Ed Miliband's move to 'mend not end' Labour's relationship is a brave decision - both in the conventional sense of that term and in the sense famously employed by Yes Minister's Sir Humphrey Appleby, namely to suggest that a particular course of action is, shall we say, 'not entirely free of risk'.
That presumably is why, as he admitted soon after Mr Miliband's landmark speech earlier this week, even Tony Blair, who, after all, made something of a habit of taking on the 'forces of conservatism' on the left, as well as on the right of British politics, decided that, on this issue at least, discretion was the better part of valour.
The risks of distancing the Party from the unions are clearly not simply financial. The labour movement arguably anchors Labour to the interests - or at least the perceived and the collective interests of ordinary working people of the country it one day hopes to govern again. More directly, trade unions, by providing volunteers and other 'in-kind benefits' to Labour during elections, form an integral part of the Party's campaign infrastructure.
Indeed, it's probably no exaggeration to say that without union help in 2010 Labour would not have been able to hold on to anything like the number of seats it eventually did. Moreover, whatever emphasis the Party puts on 'community organising' in the run-up to 2015, its hopes of replicating Obama's successful voter-identification/mobilisation operation at the next election depend in no small part on trade unionists willing to do the donkey-work without which even the cleverest digital strategy won't make any difference.
Still, the money matters. Which is presumably why it's the money that the leaders of the big unions have been dropping dark hints about in the last couple of days. According to the BBC, Len McClusky told his Executive yesterday that Unite, whose one million affiliated Labour members currently contribute around three-and-a-quarter million quid direct to the Party 'believes the number of members affiliated to Labour could drop as low as around 75,000 after the changes - reducing fees to around £250,000.' Earlier in the week, the GMB's Paul Kenny told the Beeb that its affiliation fees could drop to a pitiful ten per cent of today's total if members are required to opt-in to paying the political levy that goes to Labour rather than opting-out.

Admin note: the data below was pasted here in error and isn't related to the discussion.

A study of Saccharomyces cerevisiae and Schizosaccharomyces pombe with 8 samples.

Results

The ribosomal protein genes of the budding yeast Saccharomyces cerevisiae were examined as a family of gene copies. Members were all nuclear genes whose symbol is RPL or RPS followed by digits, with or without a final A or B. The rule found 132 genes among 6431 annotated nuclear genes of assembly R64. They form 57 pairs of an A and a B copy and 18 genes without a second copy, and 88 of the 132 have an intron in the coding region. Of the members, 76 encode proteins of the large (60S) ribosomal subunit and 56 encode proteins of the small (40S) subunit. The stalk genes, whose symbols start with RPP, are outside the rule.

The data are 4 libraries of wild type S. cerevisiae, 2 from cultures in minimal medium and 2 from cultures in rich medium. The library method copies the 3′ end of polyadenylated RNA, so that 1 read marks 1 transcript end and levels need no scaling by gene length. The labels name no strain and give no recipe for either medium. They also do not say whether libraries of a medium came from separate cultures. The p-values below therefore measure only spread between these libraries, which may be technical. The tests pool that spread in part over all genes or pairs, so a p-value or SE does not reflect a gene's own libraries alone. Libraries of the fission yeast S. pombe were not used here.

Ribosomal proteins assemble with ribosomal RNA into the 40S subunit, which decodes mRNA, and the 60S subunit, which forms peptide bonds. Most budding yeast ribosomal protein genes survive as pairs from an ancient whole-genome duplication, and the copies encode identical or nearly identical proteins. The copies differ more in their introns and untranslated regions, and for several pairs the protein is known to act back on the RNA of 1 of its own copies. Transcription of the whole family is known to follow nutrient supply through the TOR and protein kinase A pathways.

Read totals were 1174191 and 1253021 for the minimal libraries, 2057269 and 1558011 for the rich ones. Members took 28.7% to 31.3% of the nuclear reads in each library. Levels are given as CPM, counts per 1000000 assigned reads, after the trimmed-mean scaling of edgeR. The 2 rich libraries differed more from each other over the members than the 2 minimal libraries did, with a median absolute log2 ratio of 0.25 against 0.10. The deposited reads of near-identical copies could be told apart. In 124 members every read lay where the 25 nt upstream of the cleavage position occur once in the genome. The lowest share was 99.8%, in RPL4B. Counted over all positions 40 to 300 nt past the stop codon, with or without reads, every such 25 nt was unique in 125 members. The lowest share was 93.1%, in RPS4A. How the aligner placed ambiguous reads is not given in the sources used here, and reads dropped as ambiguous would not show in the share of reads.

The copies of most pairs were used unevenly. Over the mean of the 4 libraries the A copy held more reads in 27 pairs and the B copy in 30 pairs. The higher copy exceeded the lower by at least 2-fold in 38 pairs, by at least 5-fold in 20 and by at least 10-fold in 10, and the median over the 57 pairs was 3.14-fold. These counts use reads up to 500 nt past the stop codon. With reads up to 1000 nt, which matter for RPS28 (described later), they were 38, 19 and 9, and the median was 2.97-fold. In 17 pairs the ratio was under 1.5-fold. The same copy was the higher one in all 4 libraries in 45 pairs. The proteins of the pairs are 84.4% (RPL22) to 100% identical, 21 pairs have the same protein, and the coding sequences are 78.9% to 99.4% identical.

Estimates as to how much Labour could lose from Mr Miliband's plan, presuming it goes ahead in the way that most informed observers currently think it will, vary considerably but the most oft-quoted figure is a cool (millions are always cool) five million pounds.
Those educated guesses - and that's all they are, of course - are ultimately based on estimates of how many union members would consciously choose to join Labour as affiliated members. Quite what people are basing those guesses on, I'm not sure. Indeed, I'm not even sure how we should be doing it.
Certainly one way to do it - in fact, one sure-way of assuming the worst - would be to assume that the proportion of trade unionists willing to opt in will broadly reflect the proportion of people in the population as a whole who are members of political parties. Since in the UK that is about one (yes, you read that right, one) per cent, there will be many on the centre-left who worry that Mr Miliband is heading for a huge cash-flow problem and is therefore cutting off his nose to spite his face - or at least to spike the guns of his Tory opponents in parliament and in the media.
But not so fast. For one thing, trade unionists do still disproportionately incline, firstly, towards joining things and (to a much lesser extent) towards Labour, too. So it would be reasonable to assume that things won't be quite as bad as all that. For another, there is an alternative measure we can refer to. It's a historical one, but perhaps none the worse for all that: to paraphrase an iconic Labour politician of old, Nye Bevan, why look in the crystal ball when you can read the book?
In this case, the book - literally speaking - is (forgive the plug: I promise that's not the point) one wot I wrote on, of all things The Conservative Party since 1945. More precisely a footnote buried on p. 324, in which I recall what happened after the Attlee Labour government, repealed legislation passed by a Tory government in the wake of the general strike which obliged union members to (yes, you guessed it) opt-in rather than opt-out.
Immediately before the 1927 Trade Disputes Act was repealed by the post-war Labour government, only 22 per cent of the huge AEU (Amalgamated Engineering Union), which had 822,000 members in 1947, paid the political levy. After it was passed, however, the figure shot up to 84 per cent. The figures for other big unions were just as impressive. For the ETU (Electrical trades), they were 31 per cent before and 77 per cent afterwards and for the mighty TGWU, 53 per cent and 99 per cent.
If, then, we take the average 'before' percentage of these three 'super-unions' of their day, then, we arrive at a figure of 35% of members who were willing to cough up consciously in support of 'their party'. Clearly today's trade unionists live in much less class-conscious times. And, for all that they're fighting government cuts, they cannot match the sense of solidarity brought about by the war and its tight labour-market). So no-one is arguing that a third of them will be opting in to Labour, even if that's what it takes to help the Party.
Still, those figures should perhaps provide the Labour leadership with some cause for optimism. However, the fact that there remains a huge gap between the best- and the worst-case scenarios only serves to underline quite how brave - and quite how 'brave' - Mr Miliband is being.